Top Considerations for Asset Owners Deliberating Outsourced CIOs

10 May

Top Considerations for Asset Owners Deliberating Outsourced CIOs

Asset owners considering the transition from using consulting firms in an advisory role to a fiduciary role heard from representatives of three leading OCIO firms at eVestment’s recent EI3 conference in Atlanta.

Brian Binkley from Vanguard, T.J. Kistner from Segal Marco Advisors and Aon’s Mike Sebastian covered similarities and differences between the two approaches and offered key takeaways specifically for asset owners.

Comparing the Two Models

Board members who have grown weary of the time and complexity of investment duties are often drawn to the OCIO approach. While the asset allocation process is generally similar and specific to each client, speed of portfolio implementation resulting from an expanded governance role is one of the key differences between traditional consulting practices and the OCIO approach.

For Sebastian, “An OCIO client can act faster and in different ways on our recommendations. This allows for some changes like being dynamic with asset allocation that are just not possible for most advisory clients that act based on a slower schedule. It’s easier to do with an outsourced CIO.”

Mike Sebastian

“From a traditional advisory perspective,” added Kistner, “the timeline of events between when an investment idea is generated and when it is ultimately implemented in a client portfolio can take months, quarters, even years depending on the complexity of the client and how often their board meets. By having a committee structure in place that meets on a regular basis, we can make fast and timely investment decisions and can implement those decisions within client portfolios.”

Measuring OCIO Success

Asset owners considering engaging an OCIO often ask how they can compare track records across the universe of candidates and, as more OCIO shops open for business, panelists said they expect prospects and clients to ask for peer comparisons. But while comparing an individual client’s performance to the account’s strategic asset allocation is fairly straightforward, performance comparisons to other OCIOs is another matter.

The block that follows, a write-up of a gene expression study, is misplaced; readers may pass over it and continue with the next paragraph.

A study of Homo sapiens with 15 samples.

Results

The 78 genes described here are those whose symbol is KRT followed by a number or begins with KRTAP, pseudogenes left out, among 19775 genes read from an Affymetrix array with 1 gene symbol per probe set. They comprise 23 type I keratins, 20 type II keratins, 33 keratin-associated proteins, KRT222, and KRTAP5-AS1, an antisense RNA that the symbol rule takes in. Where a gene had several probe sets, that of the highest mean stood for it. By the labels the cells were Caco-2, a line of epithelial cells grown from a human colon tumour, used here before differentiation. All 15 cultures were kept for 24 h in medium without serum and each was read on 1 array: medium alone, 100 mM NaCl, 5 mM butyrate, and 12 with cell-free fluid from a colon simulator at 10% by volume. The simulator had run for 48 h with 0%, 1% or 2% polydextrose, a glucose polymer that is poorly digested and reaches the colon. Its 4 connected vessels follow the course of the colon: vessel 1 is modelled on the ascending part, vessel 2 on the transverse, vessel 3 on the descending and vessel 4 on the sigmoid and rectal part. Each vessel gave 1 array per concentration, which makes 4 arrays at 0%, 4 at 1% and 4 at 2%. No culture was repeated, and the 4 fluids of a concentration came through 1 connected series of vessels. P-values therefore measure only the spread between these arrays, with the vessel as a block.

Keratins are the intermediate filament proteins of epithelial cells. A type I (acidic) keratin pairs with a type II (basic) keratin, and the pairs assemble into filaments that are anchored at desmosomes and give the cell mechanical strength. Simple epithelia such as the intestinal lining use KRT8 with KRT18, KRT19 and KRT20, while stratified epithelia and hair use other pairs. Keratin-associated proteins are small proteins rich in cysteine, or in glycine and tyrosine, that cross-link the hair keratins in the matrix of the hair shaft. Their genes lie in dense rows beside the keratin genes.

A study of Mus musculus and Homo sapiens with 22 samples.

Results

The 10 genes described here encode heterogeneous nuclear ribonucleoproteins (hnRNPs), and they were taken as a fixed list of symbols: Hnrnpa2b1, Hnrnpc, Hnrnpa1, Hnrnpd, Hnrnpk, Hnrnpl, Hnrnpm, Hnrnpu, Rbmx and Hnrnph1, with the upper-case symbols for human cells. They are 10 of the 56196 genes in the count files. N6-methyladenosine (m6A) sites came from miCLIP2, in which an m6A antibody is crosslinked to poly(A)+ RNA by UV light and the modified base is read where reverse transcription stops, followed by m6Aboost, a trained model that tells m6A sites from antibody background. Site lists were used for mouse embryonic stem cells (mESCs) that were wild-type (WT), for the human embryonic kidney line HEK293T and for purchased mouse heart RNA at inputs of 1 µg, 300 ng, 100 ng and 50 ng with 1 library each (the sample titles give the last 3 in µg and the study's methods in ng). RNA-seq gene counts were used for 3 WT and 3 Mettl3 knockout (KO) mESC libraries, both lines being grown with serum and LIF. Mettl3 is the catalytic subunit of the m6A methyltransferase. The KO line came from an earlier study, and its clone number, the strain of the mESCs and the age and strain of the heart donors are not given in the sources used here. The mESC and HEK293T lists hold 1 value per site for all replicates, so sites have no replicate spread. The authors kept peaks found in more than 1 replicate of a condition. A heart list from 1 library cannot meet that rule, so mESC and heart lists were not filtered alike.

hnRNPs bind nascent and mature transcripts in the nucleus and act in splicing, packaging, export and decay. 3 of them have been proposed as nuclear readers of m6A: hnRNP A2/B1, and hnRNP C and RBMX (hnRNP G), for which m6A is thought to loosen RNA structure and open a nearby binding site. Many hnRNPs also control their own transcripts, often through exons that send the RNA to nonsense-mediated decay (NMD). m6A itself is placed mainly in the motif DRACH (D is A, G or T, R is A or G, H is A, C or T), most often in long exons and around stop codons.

“This is an area we really struggle with simply due to the fact that there really is no good way to do it because there is such a large and diverse pool of assets and differing client circumstances. It’s very difficult to combine all of this into some sort of composite and provide any sort of meaningful interpretation of what that may mean,” Kistner said.

T.J. Kistner
Segal Marco Advisors

One area where cross-OCIO performance may be available is the National Association of College and University Business Officers (NACUBO) database, Binkley suggested. The only drawback is that NACUBO only tracks endowments and foundations. “That’s one place where we can compare our performance and models,” he said. “But the challenges exist.”

Fees, in addition to performance, are an area where comparing OCIO candidates is a complicated but necessary step in the evaluation process, Binkley said. “Fee transparency is key. What is the OCIO getting from their advisory fee but also the all-in fee if you include investment management costs? Not everyone quotes it on a like-for-like basis.”

Brian Binkley

Expanding Reach and Pooling Assets

While OCIO’s incubation may have been in the Endowment and Foundation arena, the panelists reported increasing interest from asset owners representing a wide spectrum of plan types and sizes.

“We are seeing a variety of mandates from small, mid-size, and even mega plans that are outsourcing some or all of the program, whether it’s full-plan delegation or partial-plan delegation,” Sebastian noted, including new plan segments like Taft-Hartley plans and public funds. “There are a lot of things driving OCIO growth including increasing regulation, fee transparency, and fee pressure,” he added.

Part of the value-add proposition OCIO offers small and mid-sized asset owners involves increasing access to alternative investments that typically carry high minimum investment sizes beyond the reach of smaller plans.

“Some investors don’t have access to certain products within the alternative space,” Kistner said. “For clients on the smaller end of the spectrum, for example, you can take a $100 million client and pool them with $11 billion in assets. Now they have $11 billion in purchasing power and $11 billion in scale. They’re able to access unique idiosyncratic opportunities, especially in private markets, that they might not otherwise be able to access through a traditional advisory relationship.”